In the dusk light, beneath the ageing hawthorn spreading its limbs across the courtyard of Gorman Arts Centre, dancer Matt Shilcock punctuates the space with turns, flicks and jabs in the air. A participant in the recent Strange Attractor, a choreographic platform (now in its fourth year in Canberra), he mimics and echoes moments from the work of his seven artist colleagues.
He is the centre of a seven-pointed star. We, as audience, pass around him, taking in this quiet commentary. His actions help us understand and process what we have seen – a momentary focal point in the system of "strange attractors", thrown together in this workshop experiment at this point in time.
In this group of eight choreographers, drawn from around Australia, the answer to the question, "Why dance?" can be matched by the question, "What do we value in it?" Artists' intentions vary from a need to reveal untold histories, to a need to use the body and its sensory knowing to help gauge the ethics of our interactions. Dance can be an almost scientific practice: we gather and process information, interpret and re-present it, sometimes after years of research. And the primary tool, the body, is something we all share.
What most people don't realise, when they watch able bodies dancing, is that there is such a strong correlation between vulnerability and resilience for most dancers.
Shilcock, from South Australia, is a case in point. Born with osteogenesis imperfecta, his brittle bones broke several times during his childhood, but in his 20s he found greater health in beginning to dance. The systemic support a dancer calls on to move and replenish after injury is an object lesson in systems cooperation. Choreographers relish engaging in social and research contexts outside of their usual spheres; guest speaker CSIRO ecologist Brian Walker talks about the difference between brittle, overstretched systems that fail, and resilient, communicative and supported systems that can transform.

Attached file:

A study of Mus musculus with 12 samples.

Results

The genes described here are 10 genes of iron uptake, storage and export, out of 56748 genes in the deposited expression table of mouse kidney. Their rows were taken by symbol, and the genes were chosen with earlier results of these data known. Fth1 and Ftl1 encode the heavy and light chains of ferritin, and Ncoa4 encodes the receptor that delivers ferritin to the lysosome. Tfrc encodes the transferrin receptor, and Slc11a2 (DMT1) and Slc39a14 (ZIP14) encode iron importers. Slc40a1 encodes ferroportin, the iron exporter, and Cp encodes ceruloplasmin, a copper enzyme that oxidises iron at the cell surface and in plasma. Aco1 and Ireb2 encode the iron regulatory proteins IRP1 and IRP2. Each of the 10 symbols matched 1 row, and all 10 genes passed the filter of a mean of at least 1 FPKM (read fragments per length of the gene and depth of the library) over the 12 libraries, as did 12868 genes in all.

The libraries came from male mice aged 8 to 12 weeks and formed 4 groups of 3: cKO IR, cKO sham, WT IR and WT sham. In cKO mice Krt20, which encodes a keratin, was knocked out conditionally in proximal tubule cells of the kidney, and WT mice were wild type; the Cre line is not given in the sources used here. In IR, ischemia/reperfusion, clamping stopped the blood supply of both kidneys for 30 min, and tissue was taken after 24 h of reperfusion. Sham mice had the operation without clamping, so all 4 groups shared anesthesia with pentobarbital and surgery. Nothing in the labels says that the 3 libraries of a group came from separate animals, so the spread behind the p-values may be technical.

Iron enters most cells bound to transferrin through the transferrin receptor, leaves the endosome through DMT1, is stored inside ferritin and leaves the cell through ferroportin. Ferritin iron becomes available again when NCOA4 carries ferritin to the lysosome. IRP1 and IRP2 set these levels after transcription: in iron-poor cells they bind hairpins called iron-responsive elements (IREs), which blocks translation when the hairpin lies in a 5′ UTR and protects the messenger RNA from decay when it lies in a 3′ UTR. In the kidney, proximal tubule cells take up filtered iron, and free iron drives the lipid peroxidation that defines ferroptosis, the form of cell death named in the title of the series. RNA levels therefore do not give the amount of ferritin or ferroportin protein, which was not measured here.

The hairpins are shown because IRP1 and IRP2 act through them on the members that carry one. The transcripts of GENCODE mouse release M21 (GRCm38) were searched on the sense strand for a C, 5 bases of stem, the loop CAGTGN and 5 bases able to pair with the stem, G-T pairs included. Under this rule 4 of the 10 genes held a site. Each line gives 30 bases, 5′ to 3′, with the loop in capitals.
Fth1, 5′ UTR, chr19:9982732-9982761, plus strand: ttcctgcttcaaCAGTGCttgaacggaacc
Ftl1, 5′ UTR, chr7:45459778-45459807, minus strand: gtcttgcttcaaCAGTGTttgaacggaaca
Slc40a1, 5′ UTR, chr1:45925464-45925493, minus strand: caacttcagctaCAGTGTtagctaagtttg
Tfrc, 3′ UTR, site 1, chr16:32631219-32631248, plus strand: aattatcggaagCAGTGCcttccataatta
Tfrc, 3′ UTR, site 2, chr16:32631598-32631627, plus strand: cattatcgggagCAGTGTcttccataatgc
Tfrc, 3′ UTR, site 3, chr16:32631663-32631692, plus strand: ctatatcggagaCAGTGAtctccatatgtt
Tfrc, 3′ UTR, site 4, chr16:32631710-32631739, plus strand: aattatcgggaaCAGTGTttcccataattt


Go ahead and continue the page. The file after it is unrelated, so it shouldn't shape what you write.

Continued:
Liz Lea – until very recently the artistic director of Canberra Dance Theatre, who has empowered so many young and mature-aged dancers in the region – examines how much she wants to reveal in further development of her work Red, which momentarily lands in the territory of sickness, and examines the relationship between life on and offstage.Life is research for many artists. Performing is an act that demands empathy but which is also transformative.
Shona Erskine, from Western Australia, focuses on tales of "scarlet women" in the early 19th century, hanged or reprieved according to their social standing at the time. Her choreography is an electrified representation of their fears, but also a very grounded social commentary on privilege and disadvantage. Daisy Sanders, a dancer living with chronic fatigue, places herself as an "installation" in the Canberra Contemporary Arts Space, measuring her relation to both activity and rest. Her work, on the eve and day of a federal election, plays with paper, balloting, voting, inscriptions on the walls, and boundaries between public and private life and emotions.
The other artists – Alison Plevey from the ACT, Loren Kronemyer from Western Australia, Alice Dixon and William McBride, both of Victoria, each dissect human relations to social and environmental ecologies. They do this by means of the body-in-motion: an ethical machine.
The craft and practice of our artists is so often misunderstood. Facilitator David Pledger values artists as the "canaries in the mineshaft", necessary to the operations of any social organisation – otherwise who would be aware of the health or toxicity of any system?
Strange Attractor is an annual choreographic platform supported by Arts ACT, Ainslie and Gorman Arts Centres, QL2 Dance and Canberra Contemporary Art Space. Zsuzsi Soboslay is this year's writer-in-residence.
Strange Attractor: Make-Think-Speak. Gorman Arts Centre, Canberra. June 19-July 3, 2016.